China's consumer inflation edged up in July, official data showed Monday, in part due to rising food prices from flood-related disruptions and as the country continues its recovery from the coronavirus outbreak.
The consumer price index (CPI), a key gauge of retail inflation, had been pushed up over the past year by livestock prices after China's pig herds were ravaged by African swine fever, with the COVID-19 outbreak later hitting supply chains.
Consumer inflation has been easing since January but ticked up again in recent months, with the CPI up 2.7 percent on-year last month, according to the National Bureau of Statistics (NBS), as the world's second-largest economy continued its recovery from the virus outbreak.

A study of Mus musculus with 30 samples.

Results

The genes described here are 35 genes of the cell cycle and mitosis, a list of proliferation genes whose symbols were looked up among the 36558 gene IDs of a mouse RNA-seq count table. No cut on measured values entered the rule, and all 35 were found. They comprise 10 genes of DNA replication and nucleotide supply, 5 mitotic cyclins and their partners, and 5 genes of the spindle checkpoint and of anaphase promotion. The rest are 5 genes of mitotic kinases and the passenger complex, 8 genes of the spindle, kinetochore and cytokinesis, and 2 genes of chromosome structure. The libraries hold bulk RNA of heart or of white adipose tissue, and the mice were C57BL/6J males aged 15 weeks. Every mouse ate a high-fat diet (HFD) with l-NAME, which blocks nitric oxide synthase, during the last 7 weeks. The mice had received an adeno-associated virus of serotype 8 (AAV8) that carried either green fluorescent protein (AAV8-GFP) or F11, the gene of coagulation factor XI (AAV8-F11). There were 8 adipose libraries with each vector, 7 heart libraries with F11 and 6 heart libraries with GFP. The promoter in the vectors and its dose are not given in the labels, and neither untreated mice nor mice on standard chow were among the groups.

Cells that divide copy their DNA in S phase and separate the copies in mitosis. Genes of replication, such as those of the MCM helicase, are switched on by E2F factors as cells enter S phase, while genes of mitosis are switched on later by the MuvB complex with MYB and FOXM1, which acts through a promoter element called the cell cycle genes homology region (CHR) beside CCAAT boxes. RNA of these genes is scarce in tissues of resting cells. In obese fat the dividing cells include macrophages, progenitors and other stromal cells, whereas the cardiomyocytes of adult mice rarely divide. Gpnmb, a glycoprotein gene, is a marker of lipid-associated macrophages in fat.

This was just above the 2.6 percent rise a Bloomberg poll of analysts predicted.
Senior statistician Dong Lijuan said Monday that food prices rose 13.2 percent from a year ago, nudging the CPI up -- with pork prices climbing 85.7 percent.
"With the gradual recovery of catering services, demand for pork continued to increase", said Dong, adding that this was accompanied by floods in many areas across the country which hit the transportation of live pigs, causing supplies to remain tight.
Prices of vegetables rose also, affected by "unfavourable weather", according to Dong.
Meanwhile, the producer price index (PPI) fell 2.4 percent from a year ago in July, better than the three percent drop the month before.
The PPI -- which measures the cost of goods at the factory gate -- also shrank less than the 2.5 percent drop forecast by analysts.
Factory gate prices had been dragged by the pandemic fallout but started rising again in June, with analysts noting a recovery in industrial demand.
China is working to bounce back from a historic economic contraction in the first quarter caused by the virus, which had shut down most activity in the country.